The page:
A female patient in her 20s was referred to a consultant orthopaedic surgeon, a member of the MDU, for investigation of a right knee injury. She was a keen squash player and hiker and had experienced a ten-day period of locking of the knee, causing some discomfort and pain.
The orthopaedic surgeon suspected a tear of the lateral meniscus, although an MRI scan was inconclusive. He suggested they adopt a 'wait and see' approach, but several months later, the patient returned with a recurrence of the same complaint. The surgeon felt that the patient’s history suggested a tear may have been missed on the original MRI scan.
Having discussed the pros and cons of the surgery and after having obtained consent from the patient, he carried out an examination under anaesthetic and arthroscopy of the patient's right knee.
At operation, the orthopaedic surgeon found a peripheral horn tear within the posterior margin of the lateral meniscus. He proceeded to repair this by using an 'inside out' technique, using long needles to pass loop sutures through the meniscus. He later acknowledged that, in hindsight, some of the soft tissue had pulled up when he tied the inferior suture.
In recovery, the patient complained of numbness on the dorsum of her foot and that she could not fully extend her toes. With no improvement several hours later, the surgeon decided to reopen the incision. He found that the inferior suture appeared to be tethering the common peroneal nerve up against the lateral head of gastrocnemius. The surgeon released the suture and noted that other than a small contusion there was no obvious damage to the nerve.
The patient was discharged using a foot drop splint. The surgeon explained that the nerve would not be permanently damaged and that the patient's disability would recover with time and physiotherapy. He advised the patient that in due course she would be able to resume sporting activities as before.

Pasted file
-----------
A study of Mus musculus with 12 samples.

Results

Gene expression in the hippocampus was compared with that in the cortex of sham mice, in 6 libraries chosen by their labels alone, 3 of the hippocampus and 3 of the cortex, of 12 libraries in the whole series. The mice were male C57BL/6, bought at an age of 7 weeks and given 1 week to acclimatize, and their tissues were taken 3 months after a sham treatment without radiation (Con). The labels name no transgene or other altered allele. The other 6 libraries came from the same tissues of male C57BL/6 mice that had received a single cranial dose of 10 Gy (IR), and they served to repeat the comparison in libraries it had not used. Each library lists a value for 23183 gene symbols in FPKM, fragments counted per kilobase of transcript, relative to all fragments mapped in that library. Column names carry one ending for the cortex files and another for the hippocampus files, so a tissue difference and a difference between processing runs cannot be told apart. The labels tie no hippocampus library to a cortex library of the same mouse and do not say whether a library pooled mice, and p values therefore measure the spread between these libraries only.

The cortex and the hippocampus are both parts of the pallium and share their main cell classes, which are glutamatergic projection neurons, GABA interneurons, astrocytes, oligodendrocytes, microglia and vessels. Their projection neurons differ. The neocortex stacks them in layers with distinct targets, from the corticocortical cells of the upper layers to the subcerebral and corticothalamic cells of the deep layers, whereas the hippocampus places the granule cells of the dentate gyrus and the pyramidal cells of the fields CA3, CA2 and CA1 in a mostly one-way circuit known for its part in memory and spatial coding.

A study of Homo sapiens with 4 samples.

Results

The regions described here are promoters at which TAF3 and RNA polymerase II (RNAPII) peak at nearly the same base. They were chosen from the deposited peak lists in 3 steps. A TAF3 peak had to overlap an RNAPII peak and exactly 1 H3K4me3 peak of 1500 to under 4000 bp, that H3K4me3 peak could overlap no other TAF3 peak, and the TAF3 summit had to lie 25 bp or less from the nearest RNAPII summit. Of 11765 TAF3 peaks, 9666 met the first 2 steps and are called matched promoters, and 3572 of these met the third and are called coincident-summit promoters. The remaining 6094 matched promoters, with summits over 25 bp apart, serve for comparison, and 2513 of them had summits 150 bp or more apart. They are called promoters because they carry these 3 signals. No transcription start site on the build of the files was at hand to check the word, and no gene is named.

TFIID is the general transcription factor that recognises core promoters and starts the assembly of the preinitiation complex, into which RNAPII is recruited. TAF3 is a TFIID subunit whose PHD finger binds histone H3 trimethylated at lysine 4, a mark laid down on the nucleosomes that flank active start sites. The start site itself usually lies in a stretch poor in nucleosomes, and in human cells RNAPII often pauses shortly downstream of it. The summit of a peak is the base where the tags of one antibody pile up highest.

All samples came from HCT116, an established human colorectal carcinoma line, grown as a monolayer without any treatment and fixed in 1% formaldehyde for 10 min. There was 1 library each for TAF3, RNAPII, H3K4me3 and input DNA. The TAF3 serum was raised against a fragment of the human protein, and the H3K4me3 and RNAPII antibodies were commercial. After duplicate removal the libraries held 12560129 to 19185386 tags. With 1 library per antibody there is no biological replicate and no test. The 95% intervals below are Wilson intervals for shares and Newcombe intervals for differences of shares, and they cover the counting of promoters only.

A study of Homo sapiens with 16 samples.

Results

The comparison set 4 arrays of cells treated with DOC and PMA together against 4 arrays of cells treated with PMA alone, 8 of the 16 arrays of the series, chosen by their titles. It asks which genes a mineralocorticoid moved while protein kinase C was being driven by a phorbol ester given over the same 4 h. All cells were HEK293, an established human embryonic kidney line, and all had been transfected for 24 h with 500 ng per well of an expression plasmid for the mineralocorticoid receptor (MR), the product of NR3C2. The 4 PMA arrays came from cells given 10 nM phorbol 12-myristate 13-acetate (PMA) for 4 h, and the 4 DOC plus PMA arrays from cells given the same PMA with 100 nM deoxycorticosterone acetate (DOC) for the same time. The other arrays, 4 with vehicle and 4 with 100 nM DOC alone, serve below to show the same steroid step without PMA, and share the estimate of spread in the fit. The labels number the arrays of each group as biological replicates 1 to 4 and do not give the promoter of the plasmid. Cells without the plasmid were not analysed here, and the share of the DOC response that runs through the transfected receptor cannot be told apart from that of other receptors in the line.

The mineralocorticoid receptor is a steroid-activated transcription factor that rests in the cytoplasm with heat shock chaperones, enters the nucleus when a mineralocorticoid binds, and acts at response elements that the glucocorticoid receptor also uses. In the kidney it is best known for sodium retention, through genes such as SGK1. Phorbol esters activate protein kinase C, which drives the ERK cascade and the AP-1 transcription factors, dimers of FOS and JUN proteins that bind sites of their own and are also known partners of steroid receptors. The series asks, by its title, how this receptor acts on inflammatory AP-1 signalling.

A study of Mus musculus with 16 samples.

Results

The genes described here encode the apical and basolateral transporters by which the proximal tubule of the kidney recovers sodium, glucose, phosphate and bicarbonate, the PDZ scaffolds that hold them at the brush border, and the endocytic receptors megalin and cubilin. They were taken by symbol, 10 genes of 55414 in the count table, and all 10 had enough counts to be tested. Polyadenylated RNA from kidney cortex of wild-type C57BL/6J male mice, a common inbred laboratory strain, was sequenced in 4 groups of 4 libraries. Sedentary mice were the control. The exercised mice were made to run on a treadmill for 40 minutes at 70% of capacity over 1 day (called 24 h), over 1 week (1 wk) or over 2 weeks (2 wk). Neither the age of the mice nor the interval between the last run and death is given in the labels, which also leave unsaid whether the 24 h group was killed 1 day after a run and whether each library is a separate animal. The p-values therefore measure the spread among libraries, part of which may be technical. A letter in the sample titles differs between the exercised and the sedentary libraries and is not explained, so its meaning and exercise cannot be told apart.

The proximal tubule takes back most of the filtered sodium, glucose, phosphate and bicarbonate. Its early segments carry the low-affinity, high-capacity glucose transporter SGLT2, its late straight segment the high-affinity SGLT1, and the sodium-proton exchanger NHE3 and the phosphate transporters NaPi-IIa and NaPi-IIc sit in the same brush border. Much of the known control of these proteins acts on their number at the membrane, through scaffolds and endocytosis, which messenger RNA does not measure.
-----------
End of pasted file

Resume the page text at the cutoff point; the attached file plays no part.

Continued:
Eighteen months later, the surgeon received a letter of claim alleging that he had failed to advise the patient of the possibility of damage to the common peroneal nerve during this procedure. In addition, it was alleged that he had been negligent in tying a suture round the common peroneal nerve during the arthroscopy and that as a result the patient suffered temporary paralysis in her right leg. The claimant also alleged that she continued to experience pain on walking or other weight-bearing exercise.
The surgeon passed the letter of claim to the MDU, who dealt with the matter on his behalf. He acknowledged that he had not mentioned the possibility of damage to the common peroneal nerve during the consenting process and, in fact, he had not experienced this rare complication previously. He had acted with great care during surgery but given the damage and extensive recovery period the claimant suffered, he believed that on balance the patient should be compensated. The MDU claims handler agreed and made an offer of £12,500 in settlement of the claimant's damages and legal costs. This was accepted by the claimant.
This page was correct at publication on 06/12/2010. Any guidance is intended as general guidance for members only. If you are a member and need specific advice relating to your own circumstances, please contact one of our advisers.